A concept which we follow at our school is growth mindset based on the work of Carol Dweck. We believe the best thing to do is to teach children to love challenges, be intrigued by mistakes, enjoy effort, and keep on learning and asking questions. Rather than simply praising success we praise effort, persistence and positive attitudes to the frequent difficulties in the process of learning.
Have a look at this video for some information about how growth mindset works:
How does growth mindset work in reality?
A quote from Carol Dweck:
“In a fixed mindset students believe their basic abilities, their intelligence, their talents, are just fixed traits. They have a certain amount and that’s that, and then their goal becomes to look smart all the time. In a growth mindset students understand that their talents and abilities can be developed through effort, good teaching and persistence. They don’t necessarily think everyone’s the same or anyone can be Einstein, but they believe everyone can get smarter if they work at it.”
This is important because (1) individuals with a “growth” theory are more likely to continue working hard despite setbacks and (2) individuals’ theories of intelligence can be affected by subtle environmental cues. For example, children given praise such as “good job, you’re very smart” are much more likely to develop a fixed mindset, whereas if given compliments like “good job, you worked very hard” they are likely to develop a growth mindset. In other words, it is possible to encourage students, for example, to persist despite failure by encouraging them to think about learning in a certain way.”
Pupils who have growth mindset:
- Believe that intelligence is not fixed
- Thrive on challenge
- Throw themselves into difficult tasks
- Are self-confident
- Recognise intelligence can continually be improved through effort
- Ignore the low aspirations of their peers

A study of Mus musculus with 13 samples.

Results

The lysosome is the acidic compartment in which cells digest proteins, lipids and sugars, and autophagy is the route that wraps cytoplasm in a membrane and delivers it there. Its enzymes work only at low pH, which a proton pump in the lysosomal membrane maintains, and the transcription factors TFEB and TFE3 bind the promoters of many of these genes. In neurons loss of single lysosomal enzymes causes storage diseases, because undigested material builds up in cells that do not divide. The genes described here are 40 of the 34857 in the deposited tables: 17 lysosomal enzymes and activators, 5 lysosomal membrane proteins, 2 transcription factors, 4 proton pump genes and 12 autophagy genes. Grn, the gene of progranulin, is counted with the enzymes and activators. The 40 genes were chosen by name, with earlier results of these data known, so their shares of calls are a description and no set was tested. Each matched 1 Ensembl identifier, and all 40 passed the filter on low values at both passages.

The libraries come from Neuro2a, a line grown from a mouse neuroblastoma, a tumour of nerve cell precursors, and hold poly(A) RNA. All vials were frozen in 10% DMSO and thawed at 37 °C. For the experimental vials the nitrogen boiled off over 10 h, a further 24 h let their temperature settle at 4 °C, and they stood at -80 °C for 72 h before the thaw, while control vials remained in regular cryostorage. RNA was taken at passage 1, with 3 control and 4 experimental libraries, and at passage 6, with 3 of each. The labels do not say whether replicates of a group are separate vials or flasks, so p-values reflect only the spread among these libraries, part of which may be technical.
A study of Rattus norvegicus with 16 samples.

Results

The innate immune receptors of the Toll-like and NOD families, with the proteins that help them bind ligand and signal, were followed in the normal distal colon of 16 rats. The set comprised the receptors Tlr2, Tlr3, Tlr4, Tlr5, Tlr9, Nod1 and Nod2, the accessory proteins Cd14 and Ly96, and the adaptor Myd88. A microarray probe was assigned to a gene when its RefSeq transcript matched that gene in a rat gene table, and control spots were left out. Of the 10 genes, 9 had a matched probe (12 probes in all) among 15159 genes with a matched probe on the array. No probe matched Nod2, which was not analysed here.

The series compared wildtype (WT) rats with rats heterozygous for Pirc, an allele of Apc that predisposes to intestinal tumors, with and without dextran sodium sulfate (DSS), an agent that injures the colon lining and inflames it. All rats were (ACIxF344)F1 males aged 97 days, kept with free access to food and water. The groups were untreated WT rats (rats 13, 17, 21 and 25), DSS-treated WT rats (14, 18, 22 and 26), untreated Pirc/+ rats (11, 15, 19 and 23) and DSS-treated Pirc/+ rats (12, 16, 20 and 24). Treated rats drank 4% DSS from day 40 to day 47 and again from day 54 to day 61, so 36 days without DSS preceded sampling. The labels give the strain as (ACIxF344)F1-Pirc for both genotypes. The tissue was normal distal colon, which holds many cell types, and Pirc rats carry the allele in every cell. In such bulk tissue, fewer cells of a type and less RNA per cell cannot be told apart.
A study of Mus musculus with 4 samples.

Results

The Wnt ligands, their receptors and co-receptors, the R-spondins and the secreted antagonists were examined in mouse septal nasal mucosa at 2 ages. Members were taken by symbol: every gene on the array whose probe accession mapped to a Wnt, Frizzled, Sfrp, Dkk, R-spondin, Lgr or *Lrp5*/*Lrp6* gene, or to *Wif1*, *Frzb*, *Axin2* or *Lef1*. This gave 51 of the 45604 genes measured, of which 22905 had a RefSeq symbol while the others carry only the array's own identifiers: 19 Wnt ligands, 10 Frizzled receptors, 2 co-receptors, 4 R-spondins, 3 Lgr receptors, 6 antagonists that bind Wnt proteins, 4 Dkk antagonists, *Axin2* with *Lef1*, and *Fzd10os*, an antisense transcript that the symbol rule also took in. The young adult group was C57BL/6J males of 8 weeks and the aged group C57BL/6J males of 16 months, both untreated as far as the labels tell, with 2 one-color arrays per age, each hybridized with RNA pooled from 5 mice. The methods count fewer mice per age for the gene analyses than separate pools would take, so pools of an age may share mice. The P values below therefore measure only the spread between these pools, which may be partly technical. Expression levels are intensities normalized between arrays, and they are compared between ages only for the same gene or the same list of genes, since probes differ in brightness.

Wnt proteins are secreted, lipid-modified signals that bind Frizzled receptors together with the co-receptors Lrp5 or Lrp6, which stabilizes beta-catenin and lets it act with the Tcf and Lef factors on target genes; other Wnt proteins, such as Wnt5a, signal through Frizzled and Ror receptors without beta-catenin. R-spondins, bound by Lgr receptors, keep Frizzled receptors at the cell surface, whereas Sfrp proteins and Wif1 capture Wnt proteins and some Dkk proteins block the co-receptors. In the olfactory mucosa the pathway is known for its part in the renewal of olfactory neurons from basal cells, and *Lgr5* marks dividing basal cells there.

- React to failure by trying harder
- Engage in self-monitoring
- Have learning goals
- Like feedback on their performance so they can improve
People with a fixed mindset will only tackle things at which they are fairly certain they will succeed. People with a growth mindset will not only tackle any task, regardless of whether they believe they will succeed or not, but will feel excited by the challenge.
We can fix mindset through our language of praise:
- “You learned that so quickly! You’re so smart!”
- “Look at that drawing. Is he the next Picasso or what?”
- “You’re so brilliant”
- “You got an A without even studying! Well done”
- “That’s amazing, you didn’t make a single mistake”“You have natural flair”
Remember that you are the product of your upbringing and education and you may have been brought up with a fixed mindset yourself.
Ask yourself honestly:
Do I believe I won’t ever be good at something?
Do I constantly compare myself to others?
Do I give up easily?
Do I make things easier for my child so they don’t risk failure?
Do I care about where my child ranks?
Do I praise my child for getting the best / top mark?
Do I tell my child how clever they are?
Do I reinforce their negative views (I couldn’t do maths, so it’s no surprise my child can’t)?
If the answer to any of these questions is yes, then don’t panic – it’s easy to change your mindset!
What you will see in school
Above is the picture that is displayed in the school and is a visual aid for the children to describe their learning journeys throughout the day. We want the children to understand that it is okay to be stuck, and that some of their best learning is done when they find things the hardest.
Growth Mindset displays in the classroom:
Posters to encourage children to avoid saying 'I'm Stuck'.
We want to encourage children to think that their brain is like a muscle: the more you use it the stronger it gets.